Larry talks about the future of the program

<b>Larry Fitzgerald & Bob Lichtenfels</b>

One of the highlights during my trip to San Antonio, Texas for the U.S. Army All-American Bowl was getting to see Larry Fitzgerald again. I had the pleasure of sitting down with former Panther and now Arizona Cardinal star for about 45 minutes. We discussed a wide array of topics from Pitt, to bling-bling, to his incredible humility. Fitz is still basically the same wide-eyed, and humble kid I met at Fan Fest when he was a freshman. Here is a Q&A with me and Larry Fitzgerald.

BL: What brings you to San Antonio?

LF: I'm here representing EAS/Myoplex. We are teaching kids about the benefits of fitness and nutrition.

BL: What are your personal feelings about Walt Harris?

LF: He is a great guy, and an outstanding offensive coach. He is a very big reason for the success I have had, and a big reason why I'm in the position that I'm in.

BL: What is your take on the hiring of Dave Wannstedt?

LF: He seems like a very excitable guy, he is a Pennsylvania guy and a Pitt guy. Hopefully he can finish what Coach Harris started at Pittsburgh.

BL: I remember meeting you as a freshman; you were this wide-eyed kid with denim shorts and a backpack. How have you stayed so humble?

LF: I am the same person now as I was then; my pockets may be a little deeper now. Money doesn't have to change who you are. I come from a good family structure, and that helps keep you keep your humility.

BL: There have been several reports of famous Alumni like Tony Dorsett and Mike Ditka who have ridiculed the Pittsburgh program. Is Larry Fitzgerald planning on helping them and what is your take on that situation?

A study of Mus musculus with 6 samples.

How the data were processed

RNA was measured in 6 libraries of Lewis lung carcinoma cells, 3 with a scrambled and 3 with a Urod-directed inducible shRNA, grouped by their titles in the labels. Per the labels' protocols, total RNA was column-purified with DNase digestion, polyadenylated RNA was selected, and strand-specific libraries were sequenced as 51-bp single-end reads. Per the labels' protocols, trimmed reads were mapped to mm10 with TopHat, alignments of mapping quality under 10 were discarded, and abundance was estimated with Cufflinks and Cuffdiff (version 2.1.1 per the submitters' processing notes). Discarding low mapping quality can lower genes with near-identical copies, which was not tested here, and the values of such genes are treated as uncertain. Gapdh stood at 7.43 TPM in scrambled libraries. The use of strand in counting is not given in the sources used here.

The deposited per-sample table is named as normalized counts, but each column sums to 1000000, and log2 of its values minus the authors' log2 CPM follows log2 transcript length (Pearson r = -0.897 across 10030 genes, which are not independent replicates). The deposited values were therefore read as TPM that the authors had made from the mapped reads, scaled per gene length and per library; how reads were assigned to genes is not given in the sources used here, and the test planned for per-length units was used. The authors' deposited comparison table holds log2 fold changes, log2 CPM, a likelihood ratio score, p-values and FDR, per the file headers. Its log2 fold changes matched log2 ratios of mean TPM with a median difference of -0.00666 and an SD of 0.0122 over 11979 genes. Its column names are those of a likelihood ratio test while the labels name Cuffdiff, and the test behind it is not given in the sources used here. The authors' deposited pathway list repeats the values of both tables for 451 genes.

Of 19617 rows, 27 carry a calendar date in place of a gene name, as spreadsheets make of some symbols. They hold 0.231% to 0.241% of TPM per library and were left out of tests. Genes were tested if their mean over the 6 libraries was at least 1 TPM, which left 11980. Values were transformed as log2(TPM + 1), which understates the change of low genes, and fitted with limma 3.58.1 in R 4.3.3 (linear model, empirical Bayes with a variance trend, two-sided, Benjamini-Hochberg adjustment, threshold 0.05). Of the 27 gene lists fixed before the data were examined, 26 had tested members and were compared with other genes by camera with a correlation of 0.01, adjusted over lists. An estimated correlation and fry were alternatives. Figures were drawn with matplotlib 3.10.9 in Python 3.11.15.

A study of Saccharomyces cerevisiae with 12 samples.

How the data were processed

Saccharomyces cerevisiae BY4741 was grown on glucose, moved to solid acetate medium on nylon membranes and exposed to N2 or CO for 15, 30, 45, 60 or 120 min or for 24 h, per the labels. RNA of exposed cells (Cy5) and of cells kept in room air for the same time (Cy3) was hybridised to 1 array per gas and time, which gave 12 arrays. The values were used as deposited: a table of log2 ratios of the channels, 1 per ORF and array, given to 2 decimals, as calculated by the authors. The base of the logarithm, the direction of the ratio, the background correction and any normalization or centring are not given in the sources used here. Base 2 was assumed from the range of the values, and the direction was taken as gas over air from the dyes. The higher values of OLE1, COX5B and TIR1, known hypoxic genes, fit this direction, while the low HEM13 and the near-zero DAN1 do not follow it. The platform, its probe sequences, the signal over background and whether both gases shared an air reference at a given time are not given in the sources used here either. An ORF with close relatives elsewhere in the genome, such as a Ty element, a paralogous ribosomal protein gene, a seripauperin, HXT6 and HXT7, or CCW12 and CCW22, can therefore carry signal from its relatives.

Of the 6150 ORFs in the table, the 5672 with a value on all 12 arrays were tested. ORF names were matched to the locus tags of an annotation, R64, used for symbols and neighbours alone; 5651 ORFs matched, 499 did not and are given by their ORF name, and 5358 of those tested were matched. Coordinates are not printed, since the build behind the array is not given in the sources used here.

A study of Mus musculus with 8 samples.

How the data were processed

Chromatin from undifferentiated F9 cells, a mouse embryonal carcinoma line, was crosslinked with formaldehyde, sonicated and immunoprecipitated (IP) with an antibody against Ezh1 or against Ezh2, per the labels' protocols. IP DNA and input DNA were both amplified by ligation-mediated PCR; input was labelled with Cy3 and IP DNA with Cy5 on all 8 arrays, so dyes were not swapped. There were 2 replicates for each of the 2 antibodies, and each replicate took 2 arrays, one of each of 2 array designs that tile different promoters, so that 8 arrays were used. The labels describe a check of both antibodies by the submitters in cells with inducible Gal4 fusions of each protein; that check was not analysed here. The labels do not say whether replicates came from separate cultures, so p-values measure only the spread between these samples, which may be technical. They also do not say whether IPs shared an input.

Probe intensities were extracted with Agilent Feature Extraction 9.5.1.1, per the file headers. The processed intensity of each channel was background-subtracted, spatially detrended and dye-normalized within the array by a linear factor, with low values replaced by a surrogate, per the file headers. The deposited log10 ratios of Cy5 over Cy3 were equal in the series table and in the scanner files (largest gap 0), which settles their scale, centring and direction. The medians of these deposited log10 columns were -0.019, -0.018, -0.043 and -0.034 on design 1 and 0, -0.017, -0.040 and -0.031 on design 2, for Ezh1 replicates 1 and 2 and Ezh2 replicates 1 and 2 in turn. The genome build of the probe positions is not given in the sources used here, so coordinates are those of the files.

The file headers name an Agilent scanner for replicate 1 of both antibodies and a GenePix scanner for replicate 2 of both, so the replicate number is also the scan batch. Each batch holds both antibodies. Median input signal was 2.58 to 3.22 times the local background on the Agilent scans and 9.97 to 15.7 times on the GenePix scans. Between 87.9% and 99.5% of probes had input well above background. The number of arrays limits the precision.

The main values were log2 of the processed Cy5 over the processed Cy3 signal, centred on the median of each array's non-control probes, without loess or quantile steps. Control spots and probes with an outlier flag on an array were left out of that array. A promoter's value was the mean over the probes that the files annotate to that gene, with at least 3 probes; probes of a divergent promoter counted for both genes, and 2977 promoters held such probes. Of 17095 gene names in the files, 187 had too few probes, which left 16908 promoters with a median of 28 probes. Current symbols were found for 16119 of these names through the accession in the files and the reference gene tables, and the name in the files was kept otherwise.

LF: It's easy for people to talk to the media and tear apart what they are trying to do. If you see problems why not try and be part of the solution. I definitely want to help in anyway I can. I love the University of Pittsburgh. I want to help it grow and become an elite program.

BL: People blame Walt Harris for the collapse of the 2003 team; do you think that is fair?

LF: No not at all. Coaches give you a game plan and it's the player's job to execute it and we didn't do that.

BL: Is Tyler Palko a legitimate Heisman contender?

LF: He's not just a candidate, he'll end up winning it. He is a great leader, and a tireless worker.

BL: Do you think Palko has a future in the NFL?

LF: Tyler will definitely make it to the league, and he will be successful.

BL: What has been the biggest difference between college and the NFL?

LF: The speed of the game is definitely faster. It is a job it's all about football.

BL: Your college degree was very important to your mother. You made a pact with her before she passed away to get that degree. What have you done to see that pact through?

LF: I'm working on it when I can I have somewhere between 60-70 credit hours to complete.

BL: I have heard several stories about Coach Kennedy, when he was at Pitt he never worked with the younger players. Kennedy has been close with you, what is your take on that?

LF: That was ridiculous; if you wanted to work he'd teach you how to get better. I think some kids looked at it as an excuse for why they under performed. Some guy's on the team had an attitude, like they didn't need it.

BL: Thanks for taking the time to talk with us Larry, and best of luck to you. Hopefully, Panther fans will see you in a Pro-Bowl in the near future.

LF: It was my pleasure, it's good to be around Pittsburgh people like you and coach Palko.